Religious Fundamentalism Defies Simple Answers

Oct 11 2010 Published by under Featured News, Issues

CNN reports that the Catholic Church is concerned about the sustainability of Christian communities (most of them not Catholic) in the Middle East. The fear is that Islamic fundamentalism poses a threat to their survival. What is interesting from the perspective of the American political/religious landscape is the reason given for this Islamic threat, and that is that “Oftentimes, relations between Christians and Muslims are difficult, principally because Muslims make no distinction between religion and politics.”

Obviously, this is a concern that cannot be laid uniquely at Islam’s door. We have the same problem as in the Middle East. And while the Papacy is concerned that “with the rise of Islamic fundamentalism, attacks against Christians are increasing almost everywhere,” it is Christianity that in the U.S. is on the offensive.

“The Muslim world’s reluctance to make the distinction between politics and religion is bringing great harm to the Church in the Middle East, because, realistically speaking, Muslim public opinion associates the Church with whatever political choices are made by the states in the West,” the Catholic Church said.
Is it any surprise, especially in the case of the United States, that Islamic states make this assumption? U.S. soldiers are proselytizing, handing out Bibles; President Bush called the war a crusade and one of his generals even characterized it was a war not against earthly enemies but against Satan himself.
And it is the United States that has been behind the wars in Iraq and Afghanistan. These wars were not begun or mainly prosecuted by the more secular states of the European Union.

Religion, our own Christians assure us, is very much a part of politics. And they intend to prove it in the upcoming elections, and again in 2012. They believe only Christians should hold office. Muslims have no place in American politics.

This trend of laying the blame at Islam’s door is both unwise and unjustified. There is plenty of blame to go around, and there is no doubt that American policy has bred a climate of fear and distrust, not only among Islamic nations but among America’s ostensible friends and allies. Nor has the Pope himself been without flame. It wasn’t long ago that he was quoting a Byzantine Emperor, who said “Show me just what Muhammad brought that was new and there you will find things only evil and inhuman, such as his command to spread by the sword the faith he preached.”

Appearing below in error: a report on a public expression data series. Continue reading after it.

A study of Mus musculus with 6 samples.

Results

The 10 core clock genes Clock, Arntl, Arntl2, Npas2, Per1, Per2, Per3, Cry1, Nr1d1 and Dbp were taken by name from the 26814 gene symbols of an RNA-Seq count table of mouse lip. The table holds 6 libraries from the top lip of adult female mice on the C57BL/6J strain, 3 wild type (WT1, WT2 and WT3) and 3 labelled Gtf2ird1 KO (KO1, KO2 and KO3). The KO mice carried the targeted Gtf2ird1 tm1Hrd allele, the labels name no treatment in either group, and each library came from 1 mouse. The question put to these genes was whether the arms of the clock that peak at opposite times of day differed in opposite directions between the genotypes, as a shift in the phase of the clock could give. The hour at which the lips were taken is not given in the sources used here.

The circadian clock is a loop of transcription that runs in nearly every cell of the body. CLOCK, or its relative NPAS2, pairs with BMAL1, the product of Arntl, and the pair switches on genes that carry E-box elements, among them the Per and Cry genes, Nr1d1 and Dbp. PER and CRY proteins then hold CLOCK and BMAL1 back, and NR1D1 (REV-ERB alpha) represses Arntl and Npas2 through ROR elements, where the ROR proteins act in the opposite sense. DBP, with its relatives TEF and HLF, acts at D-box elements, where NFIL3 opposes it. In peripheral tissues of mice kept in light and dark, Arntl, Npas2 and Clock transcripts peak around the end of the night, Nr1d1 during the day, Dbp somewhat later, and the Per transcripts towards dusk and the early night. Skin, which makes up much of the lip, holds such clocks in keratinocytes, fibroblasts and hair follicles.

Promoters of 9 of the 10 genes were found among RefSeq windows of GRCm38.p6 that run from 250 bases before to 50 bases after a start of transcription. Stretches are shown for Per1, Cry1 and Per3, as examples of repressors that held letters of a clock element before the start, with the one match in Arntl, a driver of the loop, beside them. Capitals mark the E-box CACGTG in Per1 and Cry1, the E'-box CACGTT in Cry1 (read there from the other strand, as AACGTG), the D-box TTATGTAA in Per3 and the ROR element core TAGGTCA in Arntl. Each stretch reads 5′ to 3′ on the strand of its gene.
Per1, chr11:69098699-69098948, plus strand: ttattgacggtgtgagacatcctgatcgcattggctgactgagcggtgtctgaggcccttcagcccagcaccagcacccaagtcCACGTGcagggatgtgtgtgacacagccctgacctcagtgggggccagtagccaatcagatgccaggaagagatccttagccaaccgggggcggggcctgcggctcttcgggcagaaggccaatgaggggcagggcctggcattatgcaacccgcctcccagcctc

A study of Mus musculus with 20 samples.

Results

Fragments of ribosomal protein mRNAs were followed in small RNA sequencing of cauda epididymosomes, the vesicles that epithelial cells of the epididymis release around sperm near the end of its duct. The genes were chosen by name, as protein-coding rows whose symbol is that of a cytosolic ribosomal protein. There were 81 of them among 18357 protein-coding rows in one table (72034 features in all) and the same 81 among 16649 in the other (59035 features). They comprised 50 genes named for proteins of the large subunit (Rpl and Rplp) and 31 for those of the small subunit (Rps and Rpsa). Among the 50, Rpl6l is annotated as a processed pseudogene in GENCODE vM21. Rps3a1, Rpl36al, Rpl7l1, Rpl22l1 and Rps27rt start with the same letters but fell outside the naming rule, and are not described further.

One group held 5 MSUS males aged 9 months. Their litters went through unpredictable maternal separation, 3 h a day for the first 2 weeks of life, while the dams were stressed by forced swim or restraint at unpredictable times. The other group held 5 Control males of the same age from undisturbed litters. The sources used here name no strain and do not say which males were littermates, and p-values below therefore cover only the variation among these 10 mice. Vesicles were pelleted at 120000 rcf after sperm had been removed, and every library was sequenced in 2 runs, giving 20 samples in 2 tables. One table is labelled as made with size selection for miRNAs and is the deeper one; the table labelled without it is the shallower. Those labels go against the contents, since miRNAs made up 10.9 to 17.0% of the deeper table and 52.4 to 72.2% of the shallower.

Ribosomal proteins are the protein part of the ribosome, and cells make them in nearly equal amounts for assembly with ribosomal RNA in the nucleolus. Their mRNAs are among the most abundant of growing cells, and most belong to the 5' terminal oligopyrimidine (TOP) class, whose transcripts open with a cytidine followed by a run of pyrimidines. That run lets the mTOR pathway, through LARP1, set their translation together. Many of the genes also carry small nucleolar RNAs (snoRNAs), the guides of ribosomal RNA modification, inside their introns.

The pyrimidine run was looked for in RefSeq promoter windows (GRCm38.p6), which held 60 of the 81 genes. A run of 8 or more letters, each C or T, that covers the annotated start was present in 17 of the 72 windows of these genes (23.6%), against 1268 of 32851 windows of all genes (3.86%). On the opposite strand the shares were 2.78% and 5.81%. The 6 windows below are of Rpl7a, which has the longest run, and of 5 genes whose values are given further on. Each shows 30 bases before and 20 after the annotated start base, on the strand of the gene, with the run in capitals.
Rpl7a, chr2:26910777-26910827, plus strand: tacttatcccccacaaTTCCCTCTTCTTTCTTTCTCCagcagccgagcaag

That was 2006. The Pope apologized, but he would not have said it in the first place if he had not meant it. He is already on record as saying that Christianity cannot be considered alongside other religions, as all other religions are by necessity false (given that Christianity alone is true). Such an attitude is not likely to endear him to Muslims; nor should it.

Clearly Christian communities in the Middle East are suffering as a result of rising Islamic fundamentalism but Islamic fundamentalism did not arise in a vacuum; nor has it prospered in a vacuum, and the United States must share blame, as must the Pope and Christianity as a whole, with its aggressive proselytizing.

The Synod aims to support “in particular those (Christians) who live in difficult situations because of violence, terrorism, emigration and discrimination,” Archbishop Nikola Eterovic, secretary general of the Synod of Bishops, said Friday. Who is going to help those Muslims who live under similar circumstances, while contending with Christian-based “violence, terrorism, emigration and discrimination?”

It is to be hoped that some good will come of the synod, but an argument based on false premises is unlikely to bear fruit. While the whole “blame Islam” approach is likely to play well to conservatives and ties into the Republican narrative in this country, it’s not in itself a cure but only another symptom of a larger problem, and that is religious fundamentalism itself, whether Protestant, Catholic, or some form of Islam.